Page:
Safe Following Distances
The number of serious road accidents on our roads in the past few weeks brings to our attention again the need to stay alert and drive carefully on our roads. Most rear-end collisions are caused when drivers do not obey sufficient following distances. This is also known as tailgating.
Adequate following distances enable you to adjust in an emergency situation and bring your vehicle to a stop safely – time that could mean the difference between life and death.
Total stopping distance involves the following:
- Human perception time: The time required for a driver to recognise a potential hazard. This time is assumed to be approximately 0.75 seconds in normal situations.
- Human reaction time: Once the hazard has been perceived, the driver must respond by applying the brakes. The average reaction time is about 0.75 seconds
- Vehicle reaction time: This is the time it takes for the vehicle to react once the brakes have been applied by the driver. Vehicle reaction time is very quick, usually assumed to be about 0.05 seconds.
- Vehicle braking capability. This refers to the vehicle’s ability to come to a complete stop once the brakes have been applied
International studies have indicated that when a driver follows another vehicle at 100 kilometers per hour and the vehicle in front suddenly applies the brakes, the driver following will need at least one and a half seconds to react. If there is not enough distance between the vehicles – the driver following will not be able to stop in time.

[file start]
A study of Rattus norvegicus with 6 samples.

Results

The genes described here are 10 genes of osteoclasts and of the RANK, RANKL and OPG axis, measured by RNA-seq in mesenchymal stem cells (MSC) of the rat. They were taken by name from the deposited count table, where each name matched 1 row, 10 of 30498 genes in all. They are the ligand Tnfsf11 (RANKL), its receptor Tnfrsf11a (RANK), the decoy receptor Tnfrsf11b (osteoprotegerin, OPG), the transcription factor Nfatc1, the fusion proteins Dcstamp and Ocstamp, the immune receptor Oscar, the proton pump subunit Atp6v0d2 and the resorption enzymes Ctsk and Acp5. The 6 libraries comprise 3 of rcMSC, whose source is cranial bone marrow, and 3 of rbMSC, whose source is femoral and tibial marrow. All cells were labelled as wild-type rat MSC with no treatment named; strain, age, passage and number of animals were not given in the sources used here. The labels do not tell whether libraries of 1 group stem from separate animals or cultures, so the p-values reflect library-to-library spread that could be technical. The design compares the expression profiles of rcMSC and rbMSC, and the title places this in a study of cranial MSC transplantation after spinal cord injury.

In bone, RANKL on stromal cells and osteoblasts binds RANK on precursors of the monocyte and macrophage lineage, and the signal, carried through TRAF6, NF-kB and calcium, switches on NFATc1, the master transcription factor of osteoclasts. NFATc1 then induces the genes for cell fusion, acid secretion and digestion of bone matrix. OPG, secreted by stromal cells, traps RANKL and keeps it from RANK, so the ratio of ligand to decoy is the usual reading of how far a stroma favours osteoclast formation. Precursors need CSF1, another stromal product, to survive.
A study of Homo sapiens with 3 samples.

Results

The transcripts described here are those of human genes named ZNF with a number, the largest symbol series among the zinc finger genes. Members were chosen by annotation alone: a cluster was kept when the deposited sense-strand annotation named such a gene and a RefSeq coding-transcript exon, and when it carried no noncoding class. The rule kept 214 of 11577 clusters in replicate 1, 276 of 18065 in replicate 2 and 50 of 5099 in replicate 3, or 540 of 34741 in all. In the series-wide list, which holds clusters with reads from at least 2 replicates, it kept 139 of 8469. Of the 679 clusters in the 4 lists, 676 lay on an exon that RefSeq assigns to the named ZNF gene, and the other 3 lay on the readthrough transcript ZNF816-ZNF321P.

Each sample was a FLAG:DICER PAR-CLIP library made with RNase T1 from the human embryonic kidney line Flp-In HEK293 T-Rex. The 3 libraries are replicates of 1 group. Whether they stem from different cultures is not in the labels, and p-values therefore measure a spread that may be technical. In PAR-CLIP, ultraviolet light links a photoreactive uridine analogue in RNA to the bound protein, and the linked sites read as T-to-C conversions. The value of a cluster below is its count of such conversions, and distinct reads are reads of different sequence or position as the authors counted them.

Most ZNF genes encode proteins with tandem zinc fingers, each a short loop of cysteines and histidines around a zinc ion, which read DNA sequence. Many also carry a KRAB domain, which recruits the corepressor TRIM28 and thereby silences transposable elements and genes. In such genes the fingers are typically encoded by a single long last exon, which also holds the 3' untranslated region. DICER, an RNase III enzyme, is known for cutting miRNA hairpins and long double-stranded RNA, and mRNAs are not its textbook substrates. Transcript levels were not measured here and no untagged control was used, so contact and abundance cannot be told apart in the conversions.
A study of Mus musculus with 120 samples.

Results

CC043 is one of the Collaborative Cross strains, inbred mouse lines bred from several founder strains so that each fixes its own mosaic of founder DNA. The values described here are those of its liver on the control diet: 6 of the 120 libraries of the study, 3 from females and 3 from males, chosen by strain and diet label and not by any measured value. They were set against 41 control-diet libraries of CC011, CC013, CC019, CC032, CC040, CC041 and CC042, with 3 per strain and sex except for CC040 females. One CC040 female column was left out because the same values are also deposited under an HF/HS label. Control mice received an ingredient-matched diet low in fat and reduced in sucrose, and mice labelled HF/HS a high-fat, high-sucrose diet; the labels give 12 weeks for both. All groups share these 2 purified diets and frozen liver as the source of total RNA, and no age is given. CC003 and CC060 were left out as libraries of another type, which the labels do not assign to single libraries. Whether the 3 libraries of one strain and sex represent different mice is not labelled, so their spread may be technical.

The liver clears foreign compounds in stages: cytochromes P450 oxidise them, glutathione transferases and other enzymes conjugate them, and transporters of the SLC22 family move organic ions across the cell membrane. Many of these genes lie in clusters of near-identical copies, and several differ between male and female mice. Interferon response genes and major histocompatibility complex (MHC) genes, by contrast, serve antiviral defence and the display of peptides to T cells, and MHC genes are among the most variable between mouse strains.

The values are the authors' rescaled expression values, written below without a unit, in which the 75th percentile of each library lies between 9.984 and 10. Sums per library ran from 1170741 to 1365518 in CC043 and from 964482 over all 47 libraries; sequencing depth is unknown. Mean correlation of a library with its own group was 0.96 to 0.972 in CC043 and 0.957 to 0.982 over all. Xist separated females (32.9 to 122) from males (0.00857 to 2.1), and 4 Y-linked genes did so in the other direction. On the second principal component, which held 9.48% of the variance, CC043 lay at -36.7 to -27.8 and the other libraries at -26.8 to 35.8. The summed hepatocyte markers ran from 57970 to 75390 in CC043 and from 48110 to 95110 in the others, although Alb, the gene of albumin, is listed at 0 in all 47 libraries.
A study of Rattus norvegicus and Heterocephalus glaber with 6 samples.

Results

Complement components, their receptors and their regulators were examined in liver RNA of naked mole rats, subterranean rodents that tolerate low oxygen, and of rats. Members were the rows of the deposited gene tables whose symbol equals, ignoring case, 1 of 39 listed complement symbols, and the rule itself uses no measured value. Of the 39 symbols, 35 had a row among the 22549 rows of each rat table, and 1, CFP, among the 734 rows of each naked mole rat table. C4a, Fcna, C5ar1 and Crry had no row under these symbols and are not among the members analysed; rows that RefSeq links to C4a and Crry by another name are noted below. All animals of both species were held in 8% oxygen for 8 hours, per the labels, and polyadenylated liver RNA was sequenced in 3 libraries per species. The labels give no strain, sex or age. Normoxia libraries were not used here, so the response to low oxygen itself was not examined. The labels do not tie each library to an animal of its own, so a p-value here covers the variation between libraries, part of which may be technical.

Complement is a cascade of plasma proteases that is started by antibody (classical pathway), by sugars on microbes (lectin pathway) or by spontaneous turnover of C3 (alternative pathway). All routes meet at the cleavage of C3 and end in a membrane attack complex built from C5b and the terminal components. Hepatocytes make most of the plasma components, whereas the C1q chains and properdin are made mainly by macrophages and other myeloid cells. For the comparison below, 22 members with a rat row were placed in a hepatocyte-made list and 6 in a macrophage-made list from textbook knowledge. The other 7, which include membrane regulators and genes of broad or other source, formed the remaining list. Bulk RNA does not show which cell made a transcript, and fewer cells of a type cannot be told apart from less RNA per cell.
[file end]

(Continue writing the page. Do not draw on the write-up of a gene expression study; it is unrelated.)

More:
The 3 second rule
Most International road safety campaigns refer to the 2 or 3 Second Rule as a guideline for safe following distances. A point on the road is noted, 2-3 seconds are counted, and if that point is still visible then there’s probably enough following distance. The South Africa Arrive Alive Foundation agrees with the National Safety Council’s recommendation of a 3-second rule, with increases of 1 second per factor of driving difficulty.
How to apply the 3 second rule:
- Watch the vehicle in front of you pass a landmark – such as a sign, tree, or power pole – at the side of the road.
- As it passes the landmark, start counting “one thousand and one, one thousand and two, one thousand and three”.
- If you pass the landmark before you finish saying all these words, you are following too closely. Slow down, pick another landmark and repeat the words, to make sure you have increased your following distance. This rule will ensure that you keep the correct following distance, no matter what speed you are traveling at.
Adjusting your following distance
The 2-3 Second Rule is only the advised measure when driving conditions are ideal. This should be seen as a bare minimum and should be adjusted to at least 5-6 Seconds in the following situations:
- In adverse weather conditions
- Driving on slippery roads
- Driving at night
- When following vehicles with different characteristics, i.e. motorcycles & trucks
- When towing a trailer or other object
Always drive defensively and focus on your safety and the safety of those around you. Don’t allow yourself to be tailgated. Rather change lanes or adjust your speed to encourage tailgaters to pass you. If someone cuts into your space, take a deep breath, simply back off a little and regain enough space. Remember, what counts is your safety!